Phlona pictured here with her 9-year-old daughter Nia who she is raising on her own. She plans to have her tested for the breast cancer gene mutation when she turns 18.

How one Brownsburg family is beating breast cancer together

By Lindsay Doty

When 44-year-old mother of two, Phlona Williams, gets together with the women in her family, it’s all about jammies, comfort food and relaxing.

“We watch movies and play games. Juno, Monopoly, we do Clue–you name it. There is always popcorn and cheesecake,” says Williams, who often hosts her oldest daughter Charane “Rane” Chilton, 28, and her mother, Paula Miller, 66, for a girl’s night at her home in Brownsburg.

The three generations of women have lots in common. From their strong faith and emotional control (they never cry in front of each other) to working in careers where they help others. This year, they found out something else they share: the gene mutation linked to breast cancer.

The discovery began in early 2018 when Williams noticed her left breast felt achy, tender and “not her normal.”  A few months later, she decided to go see her doctor and a mammogram detected an abnormality. She was sent to IU Health West for more advanced 3D testing.

“I’m a person who keeps calm until I know I need to freak out,” said Phlona Williams, who remembers that dreaded day in February. She had just left a meeting at her new job at the state health department when she got the call. Her cells had come back cancerous.

“As soon as I heard those words, I think I got quiet and I know some tears came for a moment because cancer sounds like a death sentence when you hear it without any knowledge,” she said.

Williams immediately thought of her 9-year-old daughter, Nia.

“I’m a single mother. I was like, ‘I can’t have cancer, I can’t be dealing with cancer when I’ve got this going on and this person I’m responsible for.’”

The team at the Cancer Center at IU Health West Hospital helped Williams assess her risks and explore her treatment options. She was referred to the hospital’s high-risk program.

“I felt like there was a message of hope there. It was early on, it (the cancer) hadn’t gone into a stage yet, there were options,” she remembers.

Even though she only had cancer in one breast, Williams wanted to have both removed to reduce future problems. To help decide, she underwent genetic testing for the rare mutation that is linked to a higher risk for breast and ovarian cancers. Just before surgery, her results came in. They were positive for the BRCA1 (BReast CAncer gene one) mutation.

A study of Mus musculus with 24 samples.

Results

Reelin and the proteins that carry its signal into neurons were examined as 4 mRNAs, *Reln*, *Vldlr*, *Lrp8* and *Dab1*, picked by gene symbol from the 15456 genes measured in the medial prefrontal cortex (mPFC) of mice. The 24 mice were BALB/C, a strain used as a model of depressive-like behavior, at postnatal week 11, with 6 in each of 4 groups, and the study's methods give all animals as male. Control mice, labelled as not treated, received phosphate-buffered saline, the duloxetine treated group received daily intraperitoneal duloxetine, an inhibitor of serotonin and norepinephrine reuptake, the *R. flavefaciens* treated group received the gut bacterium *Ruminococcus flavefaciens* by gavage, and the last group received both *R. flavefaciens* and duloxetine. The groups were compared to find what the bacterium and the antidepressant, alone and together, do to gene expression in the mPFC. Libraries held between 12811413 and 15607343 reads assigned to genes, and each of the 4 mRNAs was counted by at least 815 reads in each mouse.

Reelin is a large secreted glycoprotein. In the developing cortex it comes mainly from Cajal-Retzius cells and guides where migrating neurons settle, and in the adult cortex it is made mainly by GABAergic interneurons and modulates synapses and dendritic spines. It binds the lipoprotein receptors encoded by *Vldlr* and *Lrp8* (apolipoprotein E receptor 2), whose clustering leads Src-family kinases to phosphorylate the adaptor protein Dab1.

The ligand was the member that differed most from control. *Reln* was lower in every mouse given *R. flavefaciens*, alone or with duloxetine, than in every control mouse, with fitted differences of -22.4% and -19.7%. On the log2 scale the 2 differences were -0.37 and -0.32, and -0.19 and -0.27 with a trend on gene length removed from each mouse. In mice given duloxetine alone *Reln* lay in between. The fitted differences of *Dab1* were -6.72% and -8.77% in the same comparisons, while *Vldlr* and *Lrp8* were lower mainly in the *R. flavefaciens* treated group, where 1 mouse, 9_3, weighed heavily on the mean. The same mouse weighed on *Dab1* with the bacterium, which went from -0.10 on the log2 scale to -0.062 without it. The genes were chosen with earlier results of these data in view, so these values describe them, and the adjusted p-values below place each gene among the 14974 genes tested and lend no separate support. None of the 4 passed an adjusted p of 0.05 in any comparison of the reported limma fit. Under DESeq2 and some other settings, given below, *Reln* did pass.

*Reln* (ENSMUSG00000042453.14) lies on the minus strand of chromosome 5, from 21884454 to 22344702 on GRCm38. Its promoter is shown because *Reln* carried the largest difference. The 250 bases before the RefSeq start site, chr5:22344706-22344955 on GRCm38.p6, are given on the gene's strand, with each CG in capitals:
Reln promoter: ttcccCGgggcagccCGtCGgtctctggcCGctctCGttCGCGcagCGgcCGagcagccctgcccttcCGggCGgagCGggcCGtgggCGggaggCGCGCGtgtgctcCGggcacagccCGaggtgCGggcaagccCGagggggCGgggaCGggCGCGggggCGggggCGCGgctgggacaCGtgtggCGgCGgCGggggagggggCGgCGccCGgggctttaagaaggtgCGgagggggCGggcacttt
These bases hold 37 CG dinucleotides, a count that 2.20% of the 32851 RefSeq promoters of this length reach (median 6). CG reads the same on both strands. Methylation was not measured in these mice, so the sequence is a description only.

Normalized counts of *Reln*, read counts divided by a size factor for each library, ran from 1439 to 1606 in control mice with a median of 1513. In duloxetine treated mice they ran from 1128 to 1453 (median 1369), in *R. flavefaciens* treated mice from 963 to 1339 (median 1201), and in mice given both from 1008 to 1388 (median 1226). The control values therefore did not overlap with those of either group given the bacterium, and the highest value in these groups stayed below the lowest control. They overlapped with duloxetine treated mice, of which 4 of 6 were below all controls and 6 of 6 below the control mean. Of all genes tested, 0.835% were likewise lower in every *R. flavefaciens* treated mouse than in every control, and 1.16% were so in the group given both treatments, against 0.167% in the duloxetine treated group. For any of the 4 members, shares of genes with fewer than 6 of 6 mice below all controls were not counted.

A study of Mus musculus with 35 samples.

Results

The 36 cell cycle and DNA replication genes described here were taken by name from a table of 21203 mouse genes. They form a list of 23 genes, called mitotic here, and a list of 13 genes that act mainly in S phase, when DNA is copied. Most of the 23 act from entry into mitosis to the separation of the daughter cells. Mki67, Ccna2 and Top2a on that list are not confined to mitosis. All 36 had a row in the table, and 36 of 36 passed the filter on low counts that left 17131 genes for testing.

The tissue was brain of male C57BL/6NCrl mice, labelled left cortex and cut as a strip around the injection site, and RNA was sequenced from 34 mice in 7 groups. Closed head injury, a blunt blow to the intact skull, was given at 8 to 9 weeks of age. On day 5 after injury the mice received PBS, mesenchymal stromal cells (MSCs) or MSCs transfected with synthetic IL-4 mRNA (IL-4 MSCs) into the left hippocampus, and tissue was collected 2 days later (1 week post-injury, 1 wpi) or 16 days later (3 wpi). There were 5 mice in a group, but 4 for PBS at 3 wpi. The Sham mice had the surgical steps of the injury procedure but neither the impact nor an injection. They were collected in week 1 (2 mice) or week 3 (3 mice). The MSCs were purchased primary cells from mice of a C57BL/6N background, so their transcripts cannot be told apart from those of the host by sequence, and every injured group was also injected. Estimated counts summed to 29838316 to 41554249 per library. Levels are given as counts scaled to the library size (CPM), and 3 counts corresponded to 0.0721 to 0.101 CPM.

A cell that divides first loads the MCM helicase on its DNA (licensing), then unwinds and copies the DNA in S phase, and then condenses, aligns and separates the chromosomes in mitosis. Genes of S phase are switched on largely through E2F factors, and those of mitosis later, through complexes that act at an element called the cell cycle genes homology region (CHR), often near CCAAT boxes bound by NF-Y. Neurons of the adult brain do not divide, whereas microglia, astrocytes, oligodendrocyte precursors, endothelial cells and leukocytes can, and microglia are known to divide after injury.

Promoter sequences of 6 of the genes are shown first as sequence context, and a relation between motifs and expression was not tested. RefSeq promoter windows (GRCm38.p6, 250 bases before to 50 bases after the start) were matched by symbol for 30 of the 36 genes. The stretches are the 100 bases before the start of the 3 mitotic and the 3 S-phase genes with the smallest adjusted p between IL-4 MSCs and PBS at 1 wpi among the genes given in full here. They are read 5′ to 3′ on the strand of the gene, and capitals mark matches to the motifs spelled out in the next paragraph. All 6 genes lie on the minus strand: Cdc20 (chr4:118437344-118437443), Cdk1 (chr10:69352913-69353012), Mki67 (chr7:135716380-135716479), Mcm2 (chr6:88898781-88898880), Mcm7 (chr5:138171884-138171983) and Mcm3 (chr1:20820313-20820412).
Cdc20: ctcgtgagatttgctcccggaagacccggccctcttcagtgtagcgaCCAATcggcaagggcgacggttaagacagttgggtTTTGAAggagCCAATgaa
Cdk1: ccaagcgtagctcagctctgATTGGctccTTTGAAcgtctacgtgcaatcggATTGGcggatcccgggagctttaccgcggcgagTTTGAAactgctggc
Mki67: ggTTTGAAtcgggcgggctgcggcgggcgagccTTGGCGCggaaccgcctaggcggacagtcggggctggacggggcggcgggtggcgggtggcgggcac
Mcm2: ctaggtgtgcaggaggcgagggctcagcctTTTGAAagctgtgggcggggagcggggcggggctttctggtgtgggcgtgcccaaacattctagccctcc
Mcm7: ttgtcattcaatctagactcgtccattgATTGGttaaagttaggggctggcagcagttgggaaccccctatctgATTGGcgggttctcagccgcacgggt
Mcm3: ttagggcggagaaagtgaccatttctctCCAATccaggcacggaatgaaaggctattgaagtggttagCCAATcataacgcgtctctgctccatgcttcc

According to a report by the National Cancer Institute, an estimated 72 percent of women who inherit the BRCA 1 mutation and 69 percent of women who inherit the BRCA2 mutation will develop breast cancer by the age of 80. By contrast, about 12 percent of women in the general population will develop breast cancer at some time during their lives.

“Knowing the risks, I knew I wanted to go ahead with the surgery I already wanted,” said Williams, whose results encouraged her mother and grown daughter to also get tested.

“It was kind of a mini breaking point for me when I found out that they had the mutation too,” said Williams, who was especially emotional about her oldest daughter Rane, an EMT who had just gotten married and not yet started a family.

Both women discovered they did not have cancer but are high risk. They are now monitored closely where they alternate between mammograms and MRIs every six months. The grandmother/ granddaughter duo accompany each other to appointments for support.

For Williams, removing her cancer was a complicated but successful process. She underwent a bilateral nipple-sparing mastectomy in March using her own tissue from her stomach to reconstruct her breasts.  It was done using an advanced Hidden Scar technique.

“The primary goal of treatment is to successfully remove the cancer, but I also prioritize my patients’ cosmetic outcome. Scars matter and studies show that scars from breast cancer surgery can impact a woman’s self-confidence, intimacy and body image,” explained IU Health Breast Surgeon Dr. Samilia Obeng-Gyasi, who performed the operation and does between 10-15 Hidden Scar surgeries a year.

“It was important for me to have breasts because I’m 44 and I didn’t want to go without. I wanted to keep my lady lumps. There you have it!” laughs Williams, who was adamant about using her tissue as opposed to implants.

“I’m just so amazed throughout this process with what can be done. It’s just blown my mind.”

The surgery worked and Williams will not need radiation. She will undergo a revision breast surgery and the removal of her ovaries in the coming months.

“I am cancer-free. I feel absolutely blessed because I know women who have to go through chemo and radiation and I know a lady who I work with who has to take chemo pill every day.”

For her family, it has been an emotional journey and a trove of information, but they feel lucky to have the knowledge and tools to stay ahead of it. Going through this together has only strengthened their bond.

“You never know what you can handle, until you have to handle it, so I guess I have been complimented a lot on how positive I’ve stayed and I think our faith has a lot to do with that. We are strong believers.”

She says the experience has reminded her of life’s important lessons.

“I don’t think I was ever one who took things for granted, but I absolutely don’t take anything for granted now.”